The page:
The Leper Chapel is located in Cambridge, Cambridgeshire. It is known as the Chapel of St. Mary Magdalene and was built in 1125, it is thought to be the oldest surviving building in Cambridge. The Chapel was part of a leprosy hospital and stood on its own on the outskirts of the city.
In 1199 the Chapel was granted a royal permit by King John to hold a three day fair so they could raise money to support the hospital. It wasn't until 1211 that the fair was held on Stourbridge Common in September on the Feast of the Holy Cross.
The fair was immediately popular and became over time the largest Mediaeval fair in Europe. The Chapel prospered and the position of priest at the chapel became sought after. The priest had little to do as the hospital stopped admitting new patients in 1279. The patients at the hospital were sent to a new leper colony near Ely.
The chapel was rebuilt in the 13th century. Parts of the eastern wall are from the original structure but the rest of the chapel was rebuilt.
The chapel failed to escape the dissolution of the monasteries in 1546 and was seized by the crown. The hospital was demolished but the chapel survived. The rights to the fair were fought over by the Universities and the City until Queen Elizabeth I stepped in and ruled in favour of the City but giving the University the rights to control weights, measures and quality of goods. The chapel became a store for the stalls of the fair and a pub while the fair was being held.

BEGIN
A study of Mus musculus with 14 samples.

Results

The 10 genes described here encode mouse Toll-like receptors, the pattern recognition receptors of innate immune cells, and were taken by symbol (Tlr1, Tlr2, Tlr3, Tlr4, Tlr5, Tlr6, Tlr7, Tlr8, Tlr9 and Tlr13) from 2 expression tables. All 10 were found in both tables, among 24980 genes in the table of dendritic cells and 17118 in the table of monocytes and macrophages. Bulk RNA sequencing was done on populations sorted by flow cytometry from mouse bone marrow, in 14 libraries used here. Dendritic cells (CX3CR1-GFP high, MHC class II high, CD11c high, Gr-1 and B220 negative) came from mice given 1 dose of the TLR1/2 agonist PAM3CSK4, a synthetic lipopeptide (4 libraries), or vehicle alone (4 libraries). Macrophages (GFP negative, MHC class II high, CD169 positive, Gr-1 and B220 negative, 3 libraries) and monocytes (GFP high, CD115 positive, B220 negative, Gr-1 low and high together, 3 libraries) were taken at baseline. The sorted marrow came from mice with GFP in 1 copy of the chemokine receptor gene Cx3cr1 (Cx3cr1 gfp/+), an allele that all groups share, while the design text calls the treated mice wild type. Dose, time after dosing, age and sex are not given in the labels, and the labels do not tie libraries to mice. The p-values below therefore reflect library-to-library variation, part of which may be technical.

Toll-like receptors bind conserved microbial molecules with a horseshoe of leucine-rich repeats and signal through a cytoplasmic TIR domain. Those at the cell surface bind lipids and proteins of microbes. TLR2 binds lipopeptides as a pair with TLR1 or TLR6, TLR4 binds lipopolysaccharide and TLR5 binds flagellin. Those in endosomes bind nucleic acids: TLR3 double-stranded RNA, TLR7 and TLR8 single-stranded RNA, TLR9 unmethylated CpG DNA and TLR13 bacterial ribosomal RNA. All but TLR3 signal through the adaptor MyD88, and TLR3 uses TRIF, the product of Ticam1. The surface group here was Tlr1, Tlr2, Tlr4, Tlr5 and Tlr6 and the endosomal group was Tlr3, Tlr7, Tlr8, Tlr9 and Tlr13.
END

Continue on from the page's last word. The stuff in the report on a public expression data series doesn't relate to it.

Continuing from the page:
The chapel became too small to store everything the fair required and in 1783 it was advertised for sale as a storage shed. It changed hands a few times until bought by Thomas Kerrich in 1816. Thomas restored the chapel and left it to the University.
Sadly the fair was abolished in 1933. The chapel was falling into disrepair so the University gave the chapel to the newly formed Cambridge Preservation Society in 1951. It is now being used for worship as part of the Parish of Christ the Redeemer. The 'Friends of the Leper Chapel' were formed in 1999 to promote use of the chapel for education, cultural events and worship.
While attending Cambridge University in 1665, Isaac Newton visited the Fair where he bought a copy of Euclid's Elements which he used to teach himself mathematics.
He is also believed to have bought some optical instruments including a pair of prisms with which he used to prove that white light could be split in to the colours of the rainbow.